By KHRISNA VIRGIL
Deputy Chief Reporter
FORMER Cabinet minister Tennyson Wells yesterday said Democratic National Alliance Leader Branville McCartney’s ego has been to the detriment of his party, as he predicted an abysmal performance by the DNA in the upcoming general election.
Mr Wells, who resigned from the Free National Movement in 1999 and became an independent candidate, said he didn’t expect the DNA to get more than 5,000 votes, while insisting that the third party has failed to identify with the electorate in the Family Islands.
Mr Wells added that he agreed with the assessments of both FNM Leader Dr Hubert Minnis and Official Opposition Leader Loretta Butler-Turner, which suggest that Mr McCartney is difficult to work with.
“I agree with Minnis’ assessment of him and apparently Loretta has the same assessment,” Mr Wells told The Tribune when he was contacted. “If the DNA gets 5,000 votes this time around they are lucky.
“That party’s only presence is in New Providence. They have none in the Family Islands. If you look at the seats he demanded of the FNM, if he was serious he would say let’s do some seats in the Family Islands and some in Nassau.
“If he had a presence there that he thought was tenable, he would have asked for some seats in the Family Islands. He knows he has no presence there.
“So why should the people in Nassau vote for the DNA when he has no presence elsewhere?”
Asked what he believed has changed with the DNA since 2012, when the new party got around 10,000 votes in the last election, Mr Wells said Mr McCartney’s ego has ballooned.
“He has a very big ego and his mind and intellect doesn’t match that ego of his. Many people have realised that.”
On Tuesday night, Dr Minnis revealed to party supporters that Mr McCartney made extreme demands during coalition talks, saying he wanted 16 seats uncontested and that there be an agreement that should the DNA be successful, the third party would choose the Cabinet, name the prime minister and also select ambassadors.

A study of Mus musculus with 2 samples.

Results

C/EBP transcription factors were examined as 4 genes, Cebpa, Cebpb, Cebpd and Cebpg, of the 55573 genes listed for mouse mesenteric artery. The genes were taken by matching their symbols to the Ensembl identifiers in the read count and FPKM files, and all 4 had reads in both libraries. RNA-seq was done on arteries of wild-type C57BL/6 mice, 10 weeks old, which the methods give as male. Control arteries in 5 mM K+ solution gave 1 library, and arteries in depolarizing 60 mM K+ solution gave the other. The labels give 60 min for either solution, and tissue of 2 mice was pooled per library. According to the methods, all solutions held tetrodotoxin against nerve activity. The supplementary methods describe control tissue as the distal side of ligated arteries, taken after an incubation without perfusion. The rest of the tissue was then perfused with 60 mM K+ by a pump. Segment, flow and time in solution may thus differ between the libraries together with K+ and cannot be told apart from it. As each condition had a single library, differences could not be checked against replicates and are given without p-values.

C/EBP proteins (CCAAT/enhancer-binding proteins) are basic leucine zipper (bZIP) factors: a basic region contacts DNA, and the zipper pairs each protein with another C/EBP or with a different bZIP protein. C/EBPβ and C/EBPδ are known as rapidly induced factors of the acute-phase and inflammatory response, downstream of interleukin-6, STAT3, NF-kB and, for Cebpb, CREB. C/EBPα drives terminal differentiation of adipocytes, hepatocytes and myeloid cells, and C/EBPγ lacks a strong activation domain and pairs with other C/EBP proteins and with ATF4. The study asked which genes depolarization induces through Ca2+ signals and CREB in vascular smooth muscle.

Dr Minnis said Mr McCartney demanded that the FNM not contest the Bamboo Town, Seabreeze, Garden Hills, Carmichael, Golden Isles, Southern Shores, Marathon, Elizabeth, Pinewood, Fox Hill, Golden Gates, North Abaco, Central and South Abaco, Marco City, Yamacraw constituencies as well as St Thomas More – if that one was reintroduced.
Dr Minnis said he was not prepared to “give away” the FNM or pander to “oversized egos” and blamed Mr McCartney for enabling the Progressive Liberal Party to win the 2012 general election, “causing pain and suffering” over the last five years.
This week, the former Bamboo Town MP denied this and said Dr Minnis “needs some medication” for making his “untrue” claims. He added that these claims were proof that Dr Minnis is not only “clearly obsessed” with the DNA, but also that he sees the former Bamboo Town MP as “his biggest threat” heading into the next general election.
Charging that Dr Minnis’ claims were an “indictment” on his leadership, Mr McCartney suggested that the Killarney MP instead “ought to be insecure” about the potential threat to his leadership by former deputy prime minister and FNM St Anne’s candidate Brent Symonette.
This follows Mr McCartney’s resignation as leader of opposition business in the Senate earlier this month, a post to which Mrs Butler-Turner appointed him in December after she became leader of the Official Opposition. Her appointment to the post was the direct result of the “rebel seven” sending a letter of no confidence in Dr Minnis to Governor General Dame Marguerite Pindling.
On Wednesday, Mrs Butler-Turner told the press that Dr Minnis’ revelation on the breakdown of talks over a coalition between the FNM and Mr McCartney was an opportunity for the public to read between the lines and decide who was telling the truth and who was just perpetrating a “falsehood”.